Our throw-away culture is doing us no favours and needs fixing…

IN the last six weeks or so, the washing machine I inherited from the previous owner of my house died (after making horrendous loud noises due to a face mask being stuck in the rubber bit encircling the inside of the door), the fridge was finally put out of its misery last week (after lingering and fooling me until I noticed that a carton of milk had curdled), and my printer said it had a paper jam. This was undetectable.

My techie guy (who regularly saves me while I flounder due to my luddite tendencies) presented me with a new printer at a good price.

The old printer sits in my home office, waiting to be taken away by someone with a car, to be, I hope, recycled.

But whatever happened to fixing stuff? Why are we constantly buying new smart phones after using them for only a couple of years? Why are appliance companies reluctant to repair fridges and washing machine if they’re over a certain age? Ten years? You’d be lucky not to have your appliance rendered obsolete after five years.

Our throwaway culture is truly having devastating effects. The United Nations said that by the end of last year, each person on the planet will have produced an average 7.6kg of e-waste, meaning that a massive 57.4 million tonnes will have been generated worldwide.

Sending our old or broken appliances to the dump can release harmful substances and precious materials into the environment. Only 17.4% of this electronic waste is recorded as being properly collected, treated and recycled.

It’s a crying shame, despite the fact that most Irish people think it’s important to recycle our old appliances and electronics, according to a survey by Currys PC World.

Perhaps we should adopt so-called ‘repair cafes’, pioneered by journalist Martine Postma in Amsterdam in 2009. Repair cafes are free monthly initiatives that allow people to fix household objects and electronics with the help and advice of volunteers, keen to share their knowledge.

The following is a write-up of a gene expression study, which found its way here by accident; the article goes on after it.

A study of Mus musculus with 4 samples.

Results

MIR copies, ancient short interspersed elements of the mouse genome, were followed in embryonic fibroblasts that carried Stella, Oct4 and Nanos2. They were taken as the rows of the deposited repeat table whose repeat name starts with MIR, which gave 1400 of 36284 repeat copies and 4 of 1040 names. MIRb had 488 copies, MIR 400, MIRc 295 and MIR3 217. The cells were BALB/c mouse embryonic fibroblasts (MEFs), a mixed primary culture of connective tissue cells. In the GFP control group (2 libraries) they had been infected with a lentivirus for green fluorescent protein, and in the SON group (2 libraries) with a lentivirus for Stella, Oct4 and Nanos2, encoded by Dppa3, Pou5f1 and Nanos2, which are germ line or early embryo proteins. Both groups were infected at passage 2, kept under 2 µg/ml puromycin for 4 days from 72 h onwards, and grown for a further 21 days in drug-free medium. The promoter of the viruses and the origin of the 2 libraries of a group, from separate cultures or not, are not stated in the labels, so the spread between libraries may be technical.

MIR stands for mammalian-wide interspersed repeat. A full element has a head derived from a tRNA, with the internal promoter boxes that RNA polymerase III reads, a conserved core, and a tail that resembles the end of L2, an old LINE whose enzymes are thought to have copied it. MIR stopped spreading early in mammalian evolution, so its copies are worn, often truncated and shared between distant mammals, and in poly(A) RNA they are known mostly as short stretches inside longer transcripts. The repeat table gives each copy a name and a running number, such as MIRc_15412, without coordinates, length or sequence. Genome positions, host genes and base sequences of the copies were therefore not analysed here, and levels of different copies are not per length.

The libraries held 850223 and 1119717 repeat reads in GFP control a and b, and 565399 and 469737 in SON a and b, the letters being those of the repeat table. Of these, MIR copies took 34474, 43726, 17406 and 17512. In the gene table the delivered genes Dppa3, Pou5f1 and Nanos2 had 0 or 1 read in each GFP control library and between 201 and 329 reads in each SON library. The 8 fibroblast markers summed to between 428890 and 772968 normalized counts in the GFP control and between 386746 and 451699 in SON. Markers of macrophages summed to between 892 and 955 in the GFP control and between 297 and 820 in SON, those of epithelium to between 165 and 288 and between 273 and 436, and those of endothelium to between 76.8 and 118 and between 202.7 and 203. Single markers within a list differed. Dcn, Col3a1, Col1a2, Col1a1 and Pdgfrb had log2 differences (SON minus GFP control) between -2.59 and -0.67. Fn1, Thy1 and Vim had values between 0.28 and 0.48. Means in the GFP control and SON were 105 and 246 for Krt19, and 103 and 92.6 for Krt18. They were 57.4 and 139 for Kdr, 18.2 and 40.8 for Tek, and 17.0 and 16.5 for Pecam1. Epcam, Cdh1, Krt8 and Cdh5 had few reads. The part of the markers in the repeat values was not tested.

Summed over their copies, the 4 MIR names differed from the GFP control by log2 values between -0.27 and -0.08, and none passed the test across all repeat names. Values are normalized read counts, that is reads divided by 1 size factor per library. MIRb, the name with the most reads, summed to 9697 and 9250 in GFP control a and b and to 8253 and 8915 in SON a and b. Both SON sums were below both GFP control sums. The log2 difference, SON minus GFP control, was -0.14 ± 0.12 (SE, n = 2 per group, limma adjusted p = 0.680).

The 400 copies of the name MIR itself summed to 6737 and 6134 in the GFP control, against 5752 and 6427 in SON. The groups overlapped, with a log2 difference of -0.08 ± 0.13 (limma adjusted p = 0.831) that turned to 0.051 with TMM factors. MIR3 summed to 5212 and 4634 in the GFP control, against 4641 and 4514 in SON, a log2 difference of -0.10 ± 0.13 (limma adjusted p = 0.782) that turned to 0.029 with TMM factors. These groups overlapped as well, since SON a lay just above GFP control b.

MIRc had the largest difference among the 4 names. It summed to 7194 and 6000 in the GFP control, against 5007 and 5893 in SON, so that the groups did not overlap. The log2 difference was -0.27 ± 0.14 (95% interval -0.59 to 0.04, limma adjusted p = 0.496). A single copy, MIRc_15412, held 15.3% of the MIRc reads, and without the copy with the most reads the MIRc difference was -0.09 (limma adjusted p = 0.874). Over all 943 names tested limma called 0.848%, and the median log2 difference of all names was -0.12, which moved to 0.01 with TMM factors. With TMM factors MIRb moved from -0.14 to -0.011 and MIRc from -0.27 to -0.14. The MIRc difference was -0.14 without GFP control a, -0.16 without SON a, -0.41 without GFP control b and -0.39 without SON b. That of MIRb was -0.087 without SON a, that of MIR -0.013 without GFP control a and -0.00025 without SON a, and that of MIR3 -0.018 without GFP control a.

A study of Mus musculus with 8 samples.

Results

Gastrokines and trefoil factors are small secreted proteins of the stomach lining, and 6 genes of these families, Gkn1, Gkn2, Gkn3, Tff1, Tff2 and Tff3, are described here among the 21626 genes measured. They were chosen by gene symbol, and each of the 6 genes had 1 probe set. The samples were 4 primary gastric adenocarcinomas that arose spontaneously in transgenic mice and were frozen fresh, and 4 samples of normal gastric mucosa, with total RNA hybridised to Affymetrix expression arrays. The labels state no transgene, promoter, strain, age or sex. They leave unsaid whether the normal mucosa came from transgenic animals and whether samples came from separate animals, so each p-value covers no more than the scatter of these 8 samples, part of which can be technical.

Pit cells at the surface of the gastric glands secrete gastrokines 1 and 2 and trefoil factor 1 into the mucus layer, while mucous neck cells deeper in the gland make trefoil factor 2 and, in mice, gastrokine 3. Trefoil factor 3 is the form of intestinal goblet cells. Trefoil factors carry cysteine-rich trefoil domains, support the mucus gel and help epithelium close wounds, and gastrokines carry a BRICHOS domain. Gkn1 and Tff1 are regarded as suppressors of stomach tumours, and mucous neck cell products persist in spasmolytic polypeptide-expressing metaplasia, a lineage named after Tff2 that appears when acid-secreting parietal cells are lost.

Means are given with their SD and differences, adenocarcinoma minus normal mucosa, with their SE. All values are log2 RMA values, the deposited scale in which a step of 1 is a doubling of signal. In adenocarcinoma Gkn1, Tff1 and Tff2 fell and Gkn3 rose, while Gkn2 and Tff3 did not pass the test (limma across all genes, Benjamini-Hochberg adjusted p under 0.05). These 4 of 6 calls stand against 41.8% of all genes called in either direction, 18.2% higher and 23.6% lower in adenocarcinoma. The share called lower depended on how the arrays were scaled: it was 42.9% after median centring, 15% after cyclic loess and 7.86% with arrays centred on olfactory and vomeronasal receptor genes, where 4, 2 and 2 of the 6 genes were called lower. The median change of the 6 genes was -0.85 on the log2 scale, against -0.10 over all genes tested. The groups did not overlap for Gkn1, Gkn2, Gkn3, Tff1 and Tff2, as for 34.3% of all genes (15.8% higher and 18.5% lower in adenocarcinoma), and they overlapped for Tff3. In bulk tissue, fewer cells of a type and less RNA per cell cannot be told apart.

For me, cafes are for coffee. I couldn’t think of anything more tedious than learning about the workings of say, a phone, in a place that’s usually associated with leisure time.

But who knows? Had I access to a repair cafe, I might actually find it an interesting challenge to inject new life into an electronic contraption. Or, knowing me, I’d get the volunteer to do the niggly intricate work. (I tend to operate on the basis that there is always ‘a man’ out there able for repair work. Sexist, I know. But it is men that tend to do such work.)

Still, the repair cafe is a really good idea. A way of truly ‘owning’ our devices so that they will last beyond the short time currently expended by phones and appliances.

It has been estimated that only 12% to 15% of mobile phones are properly recycled, despite approximately 90% of the population owning one. Despite our stated approval of recycling, do we actually care? Are we tracking the journey of our devices deemed no longer fit for our purposes?

E-waste is expected to double by 2050 making it the fastest type of domestic waste in the world. Often shipped illegally from the West to toxic dumps in places like Nigeria, China and the Philippines, the environmental impact includes massive carbon emissions as well as pollution of water sources and food supply chains.

But significant amounts of such waste could be avoided through repairs. Almost two thirds of Europeans would prefer to repair their products than buy new ones.

The French government hopes to increase the repair rate of electronics to 60% within five years. This is because an index of ‘repairability’ ratings for appliances has been introduced. There are significant fines on producers, distributors and sellers who don’t comply.

Here, in the battle for sustainability, there has been the recent passing into law of the Circular Economy Act. Important elements of the new law include phasing out single-use packaging, the introduction of mandatory segregation for commercial waste, the prohibition of exploration for and extraction of coal, lignite and oil shale.

The Circular Economy Fund will take the money made from environmental levies and recirculate to environmental and anti-waste initiatives. In a circular economy, waste and resource use are minimised. The use and value of products and materials is maintained for as long as possible. When a product has reached the end of its life, its parts are used again and again – to create further useful products instead of being dismissively discarded.

Remember the days when you brought your shoes to the shoe-maker or cobbler? Such visits were the norm for those of us of a certain age. Does anyone get their shoes repaired these days? Clearly, the system is broken and demands to be fixed.